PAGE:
We had a chance to exchange a few words with Petri Järvilehto, Lead Game Designer at Remedy. We covered a number of issues, ranging from Max' facial makeover to the impact of noir movies on the game's plot and atmosphere. Also, Petri went in-depth in explaining how the team took advantage of the Havok Engine to give players new, exciting gameplay options and how this affected the Bullet Time. Keep on reading for the full interview!
Nextgame.it: Max's appearance is rather different compared to the first episode's one. Why did you decided to change it?
Petri Järvilehto: There are a couple reasons. Max has been through a lot in his life and we wanted to capture that on his face. Max's new look is exactly what we were looking for - it fits the character perfectly while still being close enough to what Max looked like in the first game.
When we began working on the original Max Payne, our resources were very limited. Since we were somewhat handicapped in terms of design decisions, we had to cast models for the characters from a close circle of friends and relatives. This was how we ended up using Sam Lake, the Lead Writer at Remedy, as the model for the Max Payne. For Max Payne 2, we had the opportunity to use real actors, and we took full advantage of this.
Nextgame.it: Which one is the game's aspect you are mostly proud of?
Petri Järvilehto: I'm not sure if there is just one aspect we are most proud of. We are certainly proud of how it all came together so seamlessly in the end of the project. There were a lot of things that we felt were pretty risky (getting all of the physics into the game, for example), but at the end of the day all of the different areas of the game work really well together. I think we've managed to raise the bar for cinematic combat in action games and considering how many (if not all action games) are trying to do the same, I think we're all proud of having accomplished that. Also, I think we managed to create an enchanting story that a lot of players have liked. This is not an easy task when operating within the action game framework.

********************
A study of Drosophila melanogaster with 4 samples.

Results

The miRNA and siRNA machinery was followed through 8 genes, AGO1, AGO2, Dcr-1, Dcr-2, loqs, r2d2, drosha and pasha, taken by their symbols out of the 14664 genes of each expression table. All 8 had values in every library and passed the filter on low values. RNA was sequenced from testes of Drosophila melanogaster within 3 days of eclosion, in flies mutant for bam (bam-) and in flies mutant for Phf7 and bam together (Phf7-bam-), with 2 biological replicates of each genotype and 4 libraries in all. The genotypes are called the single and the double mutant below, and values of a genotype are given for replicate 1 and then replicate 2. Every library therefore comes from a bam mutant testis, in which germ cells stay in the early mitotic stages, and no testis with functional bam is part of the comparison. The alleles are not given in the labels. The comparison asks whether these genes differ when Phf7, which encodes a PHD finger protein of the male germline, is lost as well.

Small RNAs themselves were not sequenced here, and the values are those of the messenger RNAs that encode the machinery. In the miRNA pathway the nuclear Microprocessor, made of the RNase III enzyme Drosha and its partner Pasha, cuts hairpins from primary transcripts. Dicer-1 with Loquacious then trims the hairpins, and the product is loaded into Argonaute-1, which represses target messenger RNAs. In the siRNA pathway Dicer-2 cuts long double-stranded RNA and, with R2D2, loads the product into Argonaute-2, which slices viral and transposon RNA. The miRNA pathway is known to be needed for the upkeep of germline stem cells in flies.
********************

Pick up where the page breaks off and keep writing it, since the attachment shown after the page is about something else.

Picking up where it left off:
Nextgame.it: Bullet Time has been improved for the sequel, now we have a greater edge over the enemy during firefights. Did you feel the original needed fixing?
Petri Järvilehto: We never felt the original Bullet Time needed fixing - but we definitely wanted to refine and improve it for Max Payne 2. We've had a couple of years to innovate and brainstorm on how to make Bullet Time cooler. We've taken time to tweak it, and have made it an even more integral part of the gameplay.
The integration of physics into the game has given Bullet Time perhaps its biggest improvement. Having everything in the environment react properly with loads of objects and debris flying around in slow-motion creates breathtaking combat situations. Max's ability in Max Payne 2 to go "deeper into the zone" is another aspect of the new Bullet Time that is a big step forward. As Max takes out multiple enemies in a row, his actions become slightly faster and everyone else becomes slightly slower, giving Max an advantage. This level of control just feels very cool.
Nextgame.it: The Havok engine allows a massive interaction with game environment. How much more difficult is the level design work, considering that you need to imagine all the possible action that a player is able to perform (maybe to prevent, for ex., that destroying the scenario could lead to the impossibility to go on with the adventure)?
Petri Järvilehto: The integration of the Havok engine in Max Payne means that there are tons of different gameplay variations and it's never the same thing twice. Since the movement of objects is no longer scripted, it all depends on the player's actions. Designing the levels with physics in mind was certainly a more challenging task... but this also provided a lot more opportunities.
The interactive environment provides loads of constant gameplay options. Maybe an enemy hides behind a stack of boxes and you can lob a well placed grenade to blow his cover to pieces, or you can knock enemies down with a door, or you can push a gasoline barrel downstairs to a room below and make it explode taking out all of the bad guys in the room. All weapons are also inside the physical simulation.
Nextgame.it: Obviously, you like John Woo movies a lot. Can you reveal which movies have influenced Max Payne for characters, plot and/or visual effects?
Petri Järvilehto: When we first started working on Max Payne, we drew inspiration from many works close to Max Payne in genre - anything from the novels of Raymond Chandler and old black and white Film Noir movies. My favorite noir film is the The Maltese Falcon, the 1941 version with Humphrey Bogart. Some more contemporary movies have been a big influence as well, such as Seven and The Usual Suspects.
The most basic, archetypal Film Noir elements found in many classic films of the genre play a big part in Max Payne 2. Things like a hostile crime-ridden city, its 2:30 a.m. in the morning and it's raining hard... a cynical, hard-boiled detective down on his luck. A mysterious woman who knocks on his door and leads him into all kinds of trouble. A story told in a long flashback. No happy endings.
Nextgame.it: How hard is developing the sequel of one of the most acclaimed videogame ever?
Petri Järvilehto: The success of the original Max Payne was certainly humbling. We never expected it to sell over 4 million copies. But the way we see it, Max Payne was a great school for us, and everything we learned from that, we put in the Fall of Max Payne. So while there is pressure, it's still been immensely satisfying to work on the game and push the barrier in both cinematic action and storytelling in action genre and we feel we have succeeded in doing that with Max Payne 2.